Shock Waves (1977)

Shock Waves (1977)

Once They Were Almost Human! Beneath the living… Beyond the dead… From the depths of Hell’s Ocean! The Deep End of Horror!

A group of people are shipwrecked on a seemingly deserted island when their cruise ship is involved in a collision with a mysterious tanker. Once on the island, they find out that they’re not alone and a reclusive SS Commander is still living there. He tells them that their cruiser crashed into the wreck of a German WWII ship which housed Der Totenkorps- the Death Corps – a crack platoon of killers and thugs who had been turned into undead soldiers by the Nazis. Now the Totenkorps have been awakened and target the survivors for extermination.


Let’s face it, the Nazis and horror films are a match made in Hell. During the later days of the Third Reich when Hitler was becoming more desperate for ways to win the war, it was long thought that the Nazis experimented with the occult and Hollywood has linked the two together on many occasions, with their supernatural schemes cropping up in the likes of Captain America, Hellboy and Raiders of the Lost Ark. Long before it became cinematic cliché to link them together, Ken Wiederhorn was busy mixing the two elements together in Shock Waves, a low budget gem from the late 70s. I really can’t believe how obscure Shock Waves is in the horror market. Almost impossible to find on DVD, little known in wider circles and never shown on TV, Shock Waves can proudly boast to be the best Nazi zombie movie out there. That’s not saying much when you have the likes of Zombie Lake and Oasis of the Zombies for company but it can still wear that slogan with pride.

Shock Waves is a complete slow burner and takes a long time for events to click into place and Der Totenkorps to come back to life so those who been weaned on instantly gratifying blood fests will no doubt bemoan the pacing. But this one is all about atmosphere and it prides itself on creating a surreal, highly eerie environment which is unlike anything I’ve seen before. The atmosphere is thick and oppressive, holding a blanket over the proceedings, refusing to disperse. To say everything is brooding would be an understatement. There are no camera tricks, no fancy lighting and no snappy editing. The remote Florida location where it was shot creates enough isolation and claustrophobia on its own and the scenes of the survivors exploring the forests and river area are filmed with a documentary-like realism. It’s really hard to describe the ambiance but it’s unsettling and chilling, giving off the sense that something bad is about to happen and there’s not a damned thing the survivors can do about it.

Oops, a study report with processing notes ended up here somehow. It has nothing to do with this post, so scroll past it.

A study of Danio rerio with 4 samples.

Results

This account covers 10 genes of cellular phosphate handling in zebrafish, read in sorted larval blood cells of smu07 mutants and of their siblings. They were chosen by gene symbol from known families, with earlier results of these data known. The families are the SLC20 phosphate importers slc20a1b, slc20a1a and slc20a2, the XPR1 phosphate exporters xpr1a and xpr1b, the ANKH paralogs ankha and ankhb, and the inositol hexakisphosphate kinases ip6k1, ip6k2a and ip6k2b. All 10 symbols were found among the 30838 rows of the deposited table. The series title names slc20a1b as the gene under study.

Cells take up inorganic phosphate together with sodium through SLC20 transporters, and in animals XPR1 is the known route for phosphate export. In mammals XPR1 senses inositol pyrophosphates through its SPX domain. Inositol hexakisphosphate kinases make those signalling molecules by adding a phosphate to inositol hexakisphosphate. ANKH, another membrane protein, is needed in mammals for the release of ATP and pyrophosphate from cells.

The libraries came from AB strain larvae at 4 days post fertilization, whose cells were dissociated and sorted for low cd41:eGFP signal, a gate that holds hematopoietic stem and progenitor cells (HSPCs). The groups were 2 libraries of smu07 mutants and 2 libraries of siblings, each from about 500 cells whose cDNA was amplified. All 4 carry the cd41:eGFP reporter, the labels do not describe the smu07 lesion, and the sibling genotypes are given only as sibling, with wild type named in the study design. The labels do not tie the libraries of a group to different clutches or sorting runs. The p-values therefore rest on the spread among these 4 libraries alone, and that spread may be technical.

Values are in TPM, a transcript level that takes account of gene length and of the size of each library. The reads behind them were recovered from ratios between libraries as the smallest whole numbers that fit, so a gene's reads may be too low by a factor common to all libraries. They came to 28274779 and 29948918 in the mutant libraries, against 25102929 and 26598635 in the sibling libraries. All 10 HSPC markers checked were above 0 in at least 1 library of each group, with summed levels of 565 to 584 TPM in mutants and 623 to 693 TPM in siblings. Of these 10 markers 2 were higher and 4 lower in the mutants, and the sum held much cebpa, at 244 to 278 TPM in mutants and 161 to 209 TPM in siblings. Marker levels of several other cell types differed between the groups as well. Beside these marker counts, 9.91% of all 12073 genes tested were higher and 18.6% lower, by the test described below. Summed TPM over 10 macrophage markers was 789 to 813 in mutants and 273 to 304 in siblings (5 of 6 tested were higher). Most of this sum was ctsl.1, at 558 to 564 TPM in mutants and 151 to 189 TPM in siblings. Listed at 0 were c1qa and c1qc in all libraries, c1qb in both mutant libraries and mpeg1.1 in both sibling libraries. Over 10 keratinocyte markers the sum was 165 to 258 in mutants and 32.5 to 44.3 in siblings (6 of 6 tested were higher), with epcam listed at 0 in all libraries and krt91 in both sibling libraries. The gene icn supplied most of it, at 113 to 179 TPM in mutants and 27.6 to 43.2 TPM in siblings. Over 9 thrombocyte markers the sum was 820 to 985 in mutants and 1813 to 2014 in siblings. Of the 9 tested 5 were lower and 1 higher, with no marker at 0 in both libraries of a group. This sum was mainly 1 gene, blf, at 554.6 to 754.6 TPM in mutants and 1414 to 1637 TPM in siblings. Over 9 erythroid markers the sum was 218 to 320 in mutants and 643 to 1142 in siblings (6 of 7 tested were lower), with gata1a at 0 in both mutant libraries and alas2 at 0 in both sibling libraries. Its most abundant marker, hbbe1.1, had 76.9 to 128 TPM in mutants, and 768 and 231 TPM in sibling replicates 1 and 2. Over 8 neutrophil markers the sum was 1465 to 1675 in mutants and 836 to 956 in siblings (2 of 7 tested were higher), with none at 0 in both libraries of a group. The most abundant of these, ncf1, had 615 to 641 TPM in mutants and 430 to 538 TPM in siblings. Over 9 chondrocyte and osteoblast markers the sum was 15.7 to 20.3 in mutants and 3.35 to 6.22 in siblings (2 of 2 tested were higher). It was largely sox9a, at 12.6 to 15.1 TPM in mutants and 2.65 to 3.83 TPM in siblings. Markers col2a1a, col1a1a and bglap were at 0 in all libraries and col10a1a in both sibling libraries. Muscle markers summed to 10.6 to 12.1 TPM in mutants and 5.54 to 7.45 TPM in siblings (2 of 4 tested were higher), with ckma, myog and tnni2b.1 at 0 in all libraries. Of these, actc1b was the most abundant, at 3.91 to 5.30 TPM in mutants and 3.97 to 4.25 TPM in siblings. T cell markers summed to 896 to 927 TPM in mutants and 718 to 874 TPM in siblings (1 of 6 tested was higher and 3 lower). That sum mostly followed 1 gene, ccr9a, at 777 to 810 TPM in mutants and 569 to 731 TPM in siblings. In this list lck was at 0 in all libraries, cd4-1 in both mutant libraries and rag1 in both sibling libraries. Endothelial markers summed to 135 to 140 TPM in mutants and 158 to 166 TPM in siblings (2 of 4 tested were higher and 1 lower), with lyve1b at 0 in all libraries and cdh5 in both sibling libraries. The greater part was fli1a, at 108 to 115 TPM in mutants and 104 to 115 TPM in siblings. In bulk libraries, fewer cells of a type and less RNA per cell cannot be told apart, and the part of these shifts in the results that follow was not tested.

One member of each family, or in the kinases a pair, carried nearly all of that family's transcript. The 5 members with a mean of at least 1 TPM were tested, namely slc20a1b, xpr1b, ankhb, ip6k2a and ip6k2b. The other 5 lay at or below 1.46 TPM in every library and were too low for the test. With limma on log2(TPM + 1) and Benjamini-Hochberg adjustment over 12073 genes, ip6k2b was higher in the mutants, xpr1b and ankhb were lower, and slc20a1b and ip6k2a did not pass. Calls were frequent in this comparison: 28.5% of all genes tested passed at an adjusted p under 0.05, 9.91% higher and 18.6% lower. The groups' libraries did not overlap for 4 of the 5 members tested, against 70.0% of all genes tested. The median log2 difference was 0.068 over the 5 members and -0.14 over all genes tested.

It’s just a shame then that Shock Waves hits about the half way mark before we even get a glimpse of Der Totenkorps. The script doesn’t really help the film either, throwing up strands which are never fully developed or explained. What is the deal with the tanker at the beginning? Did they just hit the wreckage or see a ghost ship and run aground? What’s up with the solar flares at the start of the film? Why do Der Totenkorps have a weakness against light but no character ever use it? There are plenty more issues raised which the script conveniently uses whenever the film needs something to happen. Thankfully once the soldiers have been awakened, the film turns into the more familiar standard stalk and kill style. Accompanying everything is a really freaky electronic synthesised score which will have the hairs standing up on the back of your neck more than anything shown.

Being all pasty-faced, blond-haired, goggle-wearing Aryans dressed up in full military uniform, Der Totenkorps sport a unique look. The first sight of the soldiers slowly rising from their watery grave is unforgettable and surely an inspiration for a similar scene in Romero’s recent Land of the Dead. The fact that these killers are silent and stealthy adds to their distinctive aura. They’re not slow, shuffling, moaning zombies but silent assassins. And I mean silent – these things never make a sound which makes their stealthy determination to hunt down and kill everyone alive even more terrifying. They’re not flesh-eaters either, a fact which seems to be draw criticism for them being labelled zombies in the first place, but tend to drown their victims instead – a fate most fitting their watery confinement before they were awoken.

This does mean that the fill is virtually free of blood and gore and the worst you’ll see is a floating body so anyone expecting a Night of the Living Dead-style orgy of flesh-munching and guts will be sorely disappointed that these Nazis don’t go down that route. But where does it state that zombies have to be flesh-eaters? They’re simply the walking dead. Opposing these undead soldiers is a small cast which is pretty strong and, although most of the characters on-screen are nothing more than cardboard cut-outs to serve as zombie fodder, the likes of Peter Cushing, Brooke Adams and John Carradine all put the effort in and make their characters as plausible as possible. Carradine and Cushing don’t share any screen time together but the old hands add that integrity and touch of class to proceedings. Both are grossly underused. Adams spends the majority of the film filling out her bikini but is likeable enough to rally behind when the going gets tough.


With a nightmarish tone and unique-looking ‘zombie’ menace, Shock Waves is a real undiscovered gem. It’s an odd-ball film which is a creepy, atmospheric watch and deserves a place on any fans’ DVD shelf….if you can find a copy.